The Bridgertons: Happily Ever After, by Julia Quinn
At least as it stands now, this book completes my self-assigned project to read and critique the entire Bridgerton series by Julia Quinn. While overall the series was highly disappointing for me, this book was generally enjoyable and ranks high among the list of books in the series, and not only does it provide an interesting read by including the second epilogues for all eight of the Bridgerton novels as well as a novella about the dowager Viscountess whose children are the protagonists of their novels, but it also reveals something of the thought process of the writer herself. Some of these novels allow the author to explore further questions of interest to her, some of them provide fan service by dealing with matters of interest to the novels readers, and still others offer a necessary conclusion to loose ends that the novel itself left unresolved once the titular couple fell in love with each other. If you are fond of this series, this is likely going to be a book that you appreciate, and even as someone who was decidedly lukewarm on the series as a whole this was a book that I enjoyed for the most part, as the problematic elements of the novels thankfully do not appear here.
This book is a bit more than 350 pages, and contains 9 different fragments of writing relating to the Bridgerton series as a whole. Included are the second epilogues of: The Duke And I, The Viscount Who Loved Me, An Offer From A Gentleman, Romancing Mister Bridgerton, To Sir Philip, With Love, When He Was Wicked, It’s In His Kiss, And On The Way To The Wedding, as well as a new novella, Violet In Bloom, about the mother to the Bridgerton children. Included are not only the second epilogues themselves as well as the novella, but also brief introductions to each where the author answers the sorts of questions that led her to tackle these matters, sometimes basing it on the action of the novel itself and dealing with questions that she herself had, and sometimes writing these second epilogues because of the appeal of fans of the series for specific issues. Seeing the author’s thought process helps make these second epilogues appealing, and the author’s recognition of the limitations of her genre when it comes to sequels helps to frame these works in a good way too.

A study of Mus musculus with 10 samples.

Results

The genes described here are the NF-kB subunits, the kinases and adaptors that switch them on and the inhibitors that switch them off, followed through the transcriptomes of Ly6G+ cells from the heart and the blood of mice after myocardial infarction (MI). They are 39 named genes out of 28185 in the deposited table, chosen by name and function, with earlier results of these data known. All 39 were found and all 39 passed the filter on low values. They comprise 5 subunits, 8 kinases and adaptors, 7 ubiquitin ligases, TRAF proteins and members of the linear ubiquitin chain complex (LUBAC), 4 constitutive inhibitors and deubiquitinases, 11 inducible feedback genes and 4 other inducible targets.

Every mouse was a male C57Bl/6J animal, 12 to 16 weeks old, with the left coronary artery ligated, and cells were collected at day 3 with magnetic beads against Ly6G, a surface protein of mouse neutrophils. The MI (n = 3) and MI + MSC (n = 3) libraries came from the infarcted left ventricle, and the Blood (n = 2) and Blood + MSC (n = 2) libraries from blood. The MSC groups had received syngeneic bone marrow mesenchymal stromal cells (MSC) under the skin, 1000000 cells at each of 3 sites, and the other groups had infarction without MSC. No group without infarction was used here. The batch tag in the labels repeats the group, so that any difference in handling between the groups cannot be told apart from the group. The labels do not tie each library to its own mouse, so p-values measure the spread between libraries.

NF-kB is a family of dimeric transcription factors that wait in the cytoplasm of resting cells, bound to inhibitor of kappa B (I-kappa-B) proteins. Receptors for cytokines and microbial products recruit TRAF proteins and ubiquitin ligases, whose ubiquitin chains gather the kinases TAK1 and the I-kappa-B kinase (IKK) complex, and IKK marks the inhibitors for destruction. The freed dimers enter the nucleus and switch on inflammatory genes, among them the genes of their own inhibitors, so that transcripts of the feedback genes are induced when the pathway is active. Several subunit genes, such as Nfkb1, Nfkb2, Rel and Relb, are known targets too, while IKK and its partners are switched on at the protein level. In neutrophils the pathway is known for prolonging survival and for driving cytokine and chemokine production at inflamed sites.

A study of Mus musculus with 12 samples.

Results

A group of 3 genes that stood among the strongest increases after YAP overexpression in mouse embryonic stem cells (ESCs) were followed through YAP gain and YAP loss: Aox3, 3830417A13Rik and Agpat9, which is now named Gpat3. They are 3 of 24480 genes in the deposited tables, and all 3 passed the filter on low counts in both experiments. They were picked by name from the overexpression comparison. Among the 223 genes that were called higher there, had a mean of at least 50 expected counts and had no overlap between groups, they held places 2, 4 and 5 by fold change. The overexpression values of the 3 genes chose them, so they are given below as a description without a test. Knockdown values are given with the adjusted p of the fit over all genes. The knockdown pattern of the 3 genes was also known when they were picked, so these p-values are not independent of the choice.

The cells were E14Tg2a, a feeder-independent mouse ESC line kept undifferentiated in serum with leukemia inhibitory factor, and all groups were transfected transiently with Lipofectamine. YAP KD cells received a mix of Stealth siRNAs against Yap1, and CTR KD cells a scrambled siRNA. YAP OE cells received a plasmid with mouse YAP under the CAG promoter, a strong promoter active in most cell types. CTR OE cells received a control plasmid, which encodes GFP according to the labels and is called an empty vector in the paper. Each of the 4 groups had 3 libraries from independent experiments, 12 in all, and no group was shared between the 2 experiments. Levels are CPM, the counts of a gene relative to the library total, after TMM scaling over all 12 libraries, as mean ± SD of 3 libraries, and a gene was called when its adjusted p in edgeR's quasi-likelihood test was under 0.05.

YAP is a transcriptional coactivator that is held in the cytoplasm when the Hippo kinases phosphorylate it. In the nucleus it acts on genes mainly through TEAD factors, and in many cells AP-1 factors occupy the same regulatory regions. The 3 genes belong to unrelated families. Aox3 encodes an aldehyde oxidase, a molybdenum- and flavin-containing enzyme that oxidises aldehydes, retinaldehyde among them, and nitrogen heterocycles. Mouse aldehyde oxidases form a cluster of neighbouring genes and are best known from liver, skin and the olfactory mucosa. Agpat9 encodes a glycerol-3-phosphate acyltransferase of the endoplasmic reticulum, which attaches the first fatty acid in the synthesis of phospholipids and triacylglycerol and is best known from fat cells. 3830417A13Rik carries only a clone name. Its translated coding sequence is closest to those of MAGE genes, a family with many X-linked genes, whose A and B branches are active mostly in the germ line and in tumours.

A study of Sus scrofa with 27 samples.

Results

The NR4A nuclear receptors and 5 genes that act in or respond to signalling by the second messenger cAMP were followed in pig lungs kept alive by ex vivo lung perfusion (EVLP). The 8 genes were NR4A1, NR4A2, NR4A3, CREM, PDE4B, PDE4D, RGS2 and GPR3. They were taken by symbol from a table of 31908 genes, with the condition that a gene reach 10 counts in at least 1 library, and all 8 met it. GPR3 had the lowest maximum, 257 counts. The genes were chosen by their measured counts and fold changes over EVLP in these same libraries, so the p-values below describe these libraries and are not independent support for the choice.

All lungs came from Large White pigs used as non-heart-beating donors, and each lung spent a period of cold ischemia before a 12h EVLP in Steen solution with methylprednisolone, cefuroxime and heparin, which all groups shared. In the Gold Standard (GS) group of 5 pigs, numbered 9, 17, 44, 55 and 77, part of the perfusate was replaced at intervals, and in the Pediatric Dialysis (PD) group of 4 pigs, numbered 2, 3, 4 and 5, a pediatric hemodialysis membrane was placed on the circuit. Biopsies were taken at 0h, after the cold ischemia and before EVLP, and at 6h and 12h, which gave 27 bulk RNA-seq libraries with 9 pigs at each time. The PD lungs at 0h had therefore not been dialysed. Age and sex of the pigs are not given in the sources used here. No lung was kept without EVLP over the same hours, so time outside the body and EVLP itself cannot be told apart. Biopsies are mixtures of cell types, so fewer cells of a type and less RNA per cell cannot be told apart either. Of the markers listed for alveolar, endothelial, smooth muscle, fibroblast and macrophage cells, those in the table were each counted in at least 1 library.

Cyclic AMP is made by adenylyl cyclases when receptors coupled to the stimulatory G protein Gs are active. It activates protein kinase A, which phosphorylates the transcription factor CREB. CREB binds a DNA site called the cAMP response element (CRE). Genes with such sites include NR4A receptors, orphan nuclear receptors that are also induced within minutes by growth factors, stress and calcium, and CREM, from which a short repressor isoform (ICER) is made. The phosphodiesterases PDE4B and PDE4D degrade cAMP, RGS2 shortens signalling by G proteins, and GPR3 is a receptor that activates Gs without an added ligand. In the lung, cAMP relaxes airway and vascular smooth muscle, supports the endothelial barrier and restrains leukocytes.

What does one gain from reading a book like this? For this reader at least, the epilogues themselves were demonstrations of an author who had built a profitable and popular world and was reluctant to let it go, and had found a way to keep providing her readers with more information and more stories of interest within this universe. Admittedly, not all of these second epilogues were unfamiliar to me, as some versions of the novels themselves contain them, but in general I have to say that I gained a certain degree of respect for the author in how she went about addressing the matters covered in her second epilogue. They provide a bit more emotional range than some of her novels do, which is both a compliment and a critique, I suppose. We get to see the Duke of Hastings, for example, give parents of a child who is showing some developmental difficulties in learning to talk with the advice to love them in the way that his father never loved him, which provides a good emotional core. The author provides a near-death experience for a woman who had given birth many times before, providing a sense of peril for a dangerous and very realistic scenario. Had the author thought more about questions of plot and not merely including certain elements for convenience, then some of tehse second epilogues would have been part of the novels proper, but it is better to revise a novel into improvement through addition rather than not to, I suppose.